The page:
Listen/Read Chapter 1: Why We Fight

We fight because it works. We know it works because of the dozens of nations that have successfully expelled dictators or colonizers over the past half-century. We know because women in most of the world can own property, vote, and conduct their own affairs. We know because slavery has been largely wiped out in the Americas.36 We know because workers in much of the world have the right to form unions and to the eight-hour workday.

Gaetan Heroux of the Ontario Coalition Against Poverty told me: “Poor people will never, ever, get the basis of what they need to live unless they fight for it. Because that’s how it was won. They won’t give it to us by quiet, polite meetings. It was never won like that.”

Consider the Suffragists. In the late nineteenth century, women in England lobbied hard for the right to vote. But their polite requests for equal rights were ignored by parliament for decades. It wasn’t until a second generation of suffragists came to the fore and escalated their tactics that the government was forced to pay attention. The suffragists fought hard with civil disobedience, property destruction, and arson. Thousands of militant women went to prison, where they faced isolation and abuse. But in the end, their campaign succeeded; women won the vote in England, and soon in many other countries as well.

Resistance groups often go after the economy. In Nigeria, the Movement for the Emancipation of the Niger Delta has targeted oil infrastructure and on more than one occasion forced a 70 percent decrease in oil output.37 From the Boston Tea Party to the Montgomery Bus Boycott to the African National Congress, resistance struggles have gone after the economies of the ruling class because it is so incredibly effective.

It’s time for us to move from dissidence to resistance. As the cofounder of the suffragist Women’s Social and Political Union, Christabel Pankhurst, wrote: “We know that relying solely on argument we wandered for forty years politically in the wilderness. We know that arguments are not enough . . . and that political force is necessary.”

Or as the civil rights song went: “The only thing we did was wrong / staying in the wilderness too long. . . . I know the one thing we did right / was the day we started to fight.”

In this book I will show how resistance movements form and organize in practical terms. How and why people join movements and how to encourage that process (chapter 4). How groups form and organize themselves to be as effective and safe as possible whether they are organizing aboveground or underground (chapter 5). The rules and practices they use to stay secure, to protect themselves, and to limit infiltration and repression by prosecution (chapter 6).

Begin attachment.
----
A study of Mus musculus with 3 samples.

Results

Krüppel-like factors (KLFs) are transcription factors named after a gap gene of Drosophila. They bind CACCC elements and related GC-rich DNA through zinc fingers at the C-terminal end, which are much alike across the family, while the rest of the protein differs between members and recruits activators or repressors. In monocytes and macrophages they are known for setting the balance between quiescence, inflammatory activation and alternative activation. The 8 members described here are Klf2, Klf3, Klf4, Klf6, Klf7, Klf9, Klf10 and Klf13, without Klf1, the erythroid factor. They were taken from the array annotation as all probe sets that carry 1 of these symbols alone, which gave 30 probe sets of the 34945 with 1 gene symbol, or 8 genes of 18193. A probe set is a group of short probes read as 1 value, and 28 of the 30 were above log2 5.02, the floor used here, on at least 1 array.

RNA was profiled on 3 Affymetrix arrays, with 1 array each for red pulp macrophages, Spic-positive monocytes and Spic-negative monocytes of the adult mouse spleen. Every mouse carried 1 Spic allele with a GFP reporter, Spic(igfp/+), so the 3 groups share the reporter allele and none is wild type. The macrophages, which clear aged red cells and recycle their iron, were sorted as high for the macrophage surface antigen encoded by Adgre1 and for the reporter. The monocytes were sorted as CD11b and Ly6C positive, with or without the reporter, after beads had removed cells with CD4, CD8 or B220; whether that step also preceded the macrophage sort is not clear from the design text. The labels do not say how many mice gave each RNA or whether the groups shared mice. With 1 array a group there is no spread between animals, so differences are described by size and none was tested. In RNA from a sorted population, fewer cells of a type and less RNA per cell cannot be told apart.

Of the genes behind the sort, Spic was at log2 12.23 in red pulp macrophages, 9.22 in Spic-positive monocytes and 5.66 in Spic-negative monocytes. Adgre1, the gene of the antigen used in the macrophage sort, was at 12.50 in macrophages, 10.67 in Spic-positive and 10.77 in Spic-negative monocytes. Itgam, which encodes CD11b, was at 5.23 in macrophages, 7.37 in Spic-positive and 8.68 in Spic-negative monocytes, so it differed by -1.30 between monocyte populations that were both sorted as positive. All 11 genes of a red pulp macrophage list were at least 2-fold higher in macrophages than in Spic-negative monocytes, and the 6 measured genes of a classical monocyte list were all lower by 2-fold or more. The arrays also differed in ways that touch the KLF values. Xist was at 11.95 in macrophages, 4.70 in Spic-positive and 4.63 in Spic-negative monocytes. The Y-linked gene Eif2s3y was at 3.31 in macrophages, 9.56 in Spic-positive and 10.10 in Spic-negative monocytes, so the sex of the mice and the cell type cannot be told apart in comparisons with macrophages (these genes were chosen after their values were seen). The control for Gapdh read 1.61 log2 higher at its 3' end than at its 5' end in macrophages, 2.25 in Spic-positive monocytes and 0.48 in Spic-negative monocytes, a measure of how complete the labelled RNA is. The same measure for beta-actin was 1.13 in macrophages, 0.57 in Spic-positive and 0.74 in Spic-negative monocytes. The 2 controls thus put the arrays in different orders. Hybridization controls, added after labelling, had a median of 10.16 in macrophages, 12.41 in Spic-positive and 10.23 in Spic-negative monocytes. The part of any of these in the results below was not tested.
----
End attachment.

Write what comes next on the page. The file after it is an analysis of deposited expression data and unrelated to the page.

I will illustrate how people and groups communicate and stay connected so that they can spread their message, coordinate with allies, and navigate their relationship with the mass media (chapter 7). How organizations gather the intelligence and information they need to make smart decisions and understand their adversary’s weak points (chapter 8). And how resistance movements hamper their opponent’s attempts to gather that information about them, and how they cope with attacks on their movement through secret disruption or overt repression (chapter 9).

I will discuss how they raise money, how they support themselves, and how they organize the fundamental logistics that underpin any long-term struggle (chapter 10).

The closing chapters of the book will discuss how those movements take effective action through their tactics (chapter 11) and the principles that guide successful strategy and allow movements to integrate these different capacities (chapter 12).

But before we can get to those practicalities, we must have a better understanding of what makes a movement work.38 We must understand what it means to fight to win, and why we have been held back. And we must understand how to deploy the full range of appropriate tactics we have available.

It’s time to stop wandering in the political wilderness. This book is about fighting—and winning.